Engels in Neue Rheinische Zeitung February 1849

Military Art of the Royal Imperial Army

Source: MECW Volume 8, p. 412;
Written: by Engels on February 18, 1849;
First published: in the Neue Rheinische Zeitung No. 226, February 19, 1849.

Cologne, February 18. Windischgrätz is exceptionally unlucky. He could have become one of the greatest generals of the century if he did not always have the most unpredictable accidents. Schwanbeck has already proved that he would have done incomparable heroic deeds if the Hungarians had only stood their ground against him. But the worst thing that has happened to the great Windischgrätz is now revealed by the royal imperial semi-official correspondence in the Augsburg Allgemeine Zeitung. For in its supplement of February 15 of this year, that newspaper says word for word the following:

“Concerning the operations of Prince Windischgrätz in the month of January, I must recall that eight army columns were intended to march into the interior of Hungary in the middle of December and at that time were ten to twelve days from Buda-Pest. This disposition of the Field Marshal had been made in anticipation of a rational form of warfare. The Magyars thwarted this anticipation by putting up a fabulously superior force everywhere except where it could have produced the most favourable outcome, if such were at all possible. Of the columns to which Windischgrätz had given dates at the Hungarian capitals, only those of the Ban, of Lieutenant-Field Marshal Wrbna and the reserve corps led by the Field Marshal were able to carry out their orders; the superiority of the Magyar forces prevented the other formations from doing so.”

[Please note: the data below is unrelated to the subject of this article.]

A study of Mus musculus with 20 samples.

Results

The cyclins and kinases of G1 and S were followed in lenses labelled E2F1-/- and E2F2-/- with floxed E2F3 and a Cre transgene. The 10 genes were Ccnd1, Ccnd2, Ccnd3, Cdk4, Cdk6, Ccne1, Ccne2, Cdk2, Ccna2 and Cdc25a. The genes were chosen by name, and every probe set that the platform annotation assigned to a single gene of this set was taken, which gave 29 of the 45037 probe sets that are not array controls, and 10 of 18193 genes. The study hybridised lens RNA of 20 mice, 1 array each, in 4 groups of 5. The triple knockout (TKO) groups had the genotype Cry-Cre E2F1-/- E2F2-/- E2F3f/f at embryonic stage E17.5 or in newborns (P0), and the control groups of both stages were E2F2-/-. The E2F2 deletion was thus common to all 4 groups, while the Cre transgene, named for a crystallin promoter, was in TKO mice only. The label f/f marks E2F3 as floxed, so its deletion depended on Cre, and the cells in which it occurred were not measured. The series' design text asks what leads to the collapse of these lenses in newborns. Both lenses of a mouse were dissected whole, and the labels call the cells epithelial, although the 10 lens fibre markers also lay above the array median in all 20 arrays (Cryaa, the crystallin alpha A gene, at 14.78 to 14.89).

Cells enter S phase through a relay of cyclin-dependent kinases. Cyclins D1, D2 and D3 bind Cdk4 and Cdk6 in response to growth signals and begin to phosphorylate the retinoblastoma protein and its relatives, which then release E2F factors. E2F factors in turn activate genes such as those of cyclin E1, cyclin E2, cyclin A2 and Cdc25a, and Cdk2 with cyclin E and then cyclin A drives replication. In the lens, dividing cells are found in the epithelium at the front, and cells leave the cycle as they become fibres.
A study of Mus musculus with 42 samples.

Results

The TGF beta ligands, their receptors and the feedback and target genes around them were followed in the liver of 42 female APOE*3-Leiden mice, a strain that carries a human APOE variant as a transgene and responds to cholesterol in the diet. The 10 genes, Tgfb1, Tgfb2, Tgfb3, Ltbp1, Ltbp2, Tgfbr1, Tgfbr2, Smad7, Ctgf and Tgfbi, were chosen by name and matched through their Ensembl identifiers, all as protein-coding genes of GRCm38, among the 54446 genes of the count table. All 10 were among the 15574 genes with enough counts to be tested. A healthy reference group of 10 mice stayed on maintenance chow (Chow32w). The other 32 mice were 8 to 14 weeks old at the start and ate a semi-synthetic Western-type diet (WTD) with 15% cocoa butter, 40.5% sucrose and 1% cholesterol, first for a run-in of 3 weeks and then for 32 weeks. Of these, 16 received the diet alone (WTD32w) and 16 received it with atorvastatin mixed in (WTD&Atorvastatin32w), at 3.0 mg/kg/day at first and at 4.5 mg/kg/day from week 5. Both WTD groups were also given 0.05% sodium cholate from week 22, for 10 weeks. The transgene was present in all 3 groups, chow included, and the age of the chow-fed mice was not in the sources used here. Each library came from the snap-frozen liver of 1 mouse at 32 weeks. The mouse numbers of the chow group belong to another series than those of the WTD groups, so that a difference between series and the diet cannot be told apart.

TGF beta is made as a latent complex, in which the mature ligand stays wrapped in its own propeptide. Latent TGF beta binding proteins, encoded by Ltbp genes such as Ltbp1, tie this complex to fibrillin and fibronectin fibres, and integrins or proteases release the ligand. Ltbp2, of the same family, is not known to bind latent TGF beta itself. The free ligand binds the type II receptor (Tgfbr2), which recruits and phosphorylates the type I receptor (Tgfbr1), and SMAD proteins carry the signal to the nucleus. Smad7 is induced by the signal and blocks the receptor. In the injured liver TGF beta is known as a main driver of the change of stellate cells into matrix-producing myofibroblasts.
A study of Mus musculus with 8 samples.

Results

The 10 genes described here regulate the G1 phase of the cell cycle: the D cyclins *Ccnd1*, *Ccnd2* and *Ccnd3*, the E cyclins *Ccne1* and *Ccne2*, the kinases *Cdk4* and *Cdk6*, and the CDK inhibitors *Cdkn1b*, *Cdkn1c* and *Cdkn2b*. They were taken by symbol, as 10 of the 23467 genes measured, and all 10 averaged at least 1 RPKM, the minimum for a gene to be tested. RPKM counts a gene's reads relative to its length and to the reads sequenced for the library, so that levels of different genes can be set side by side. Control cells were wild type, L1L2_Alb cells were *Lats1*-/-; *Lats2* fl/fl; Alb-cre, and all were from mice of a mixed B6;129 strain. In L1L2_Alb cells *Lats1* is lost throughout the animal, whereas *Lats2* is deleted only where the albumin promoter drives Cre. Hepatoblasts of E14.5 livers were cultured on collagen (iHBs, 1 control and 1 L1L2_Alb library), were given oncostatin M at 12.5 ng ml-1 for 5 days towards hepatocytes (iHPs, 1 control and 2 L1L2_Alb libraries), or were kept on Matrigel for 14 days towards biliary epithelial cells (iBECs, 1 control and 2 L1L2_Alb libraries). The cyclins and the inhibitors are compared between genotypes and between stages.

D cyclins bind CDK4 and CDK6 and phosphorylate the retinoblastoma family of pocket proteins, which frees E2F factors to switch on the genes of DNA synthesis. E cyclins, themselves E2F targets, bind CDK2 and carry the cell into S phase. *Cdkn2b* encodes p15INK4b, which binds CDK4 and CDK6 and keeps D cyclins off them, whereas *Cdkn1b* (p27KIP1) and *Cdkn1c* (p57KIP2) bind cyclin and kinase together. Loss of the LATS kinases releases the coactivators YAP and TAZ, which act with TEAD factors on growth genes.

Windischgrätz had counted on the Magyars pursuing a “rational form of warfare”. If they had conducted this rational warfare, Windischgrätz would have signally defeated them. But what they did was to put up a “fabulously superior force everywhere except where” it could have been at all effective. And in consequence of this boundless irrationality all the dispositions of the great Windischgrätz came to nothing.

Just because the Magyars made one blunder after another, and because even the gods themselves fight in vain against stupidity, Windischgrätz’s most learned combinations foundered on the Magyars’ ignorance of strategy!

Did ever a fellow have luck as bad
As Burgomaster Tschech has had —

and Field Marshal Windischgrätz, who could not beat his enemies simply because they were too stupid for him?!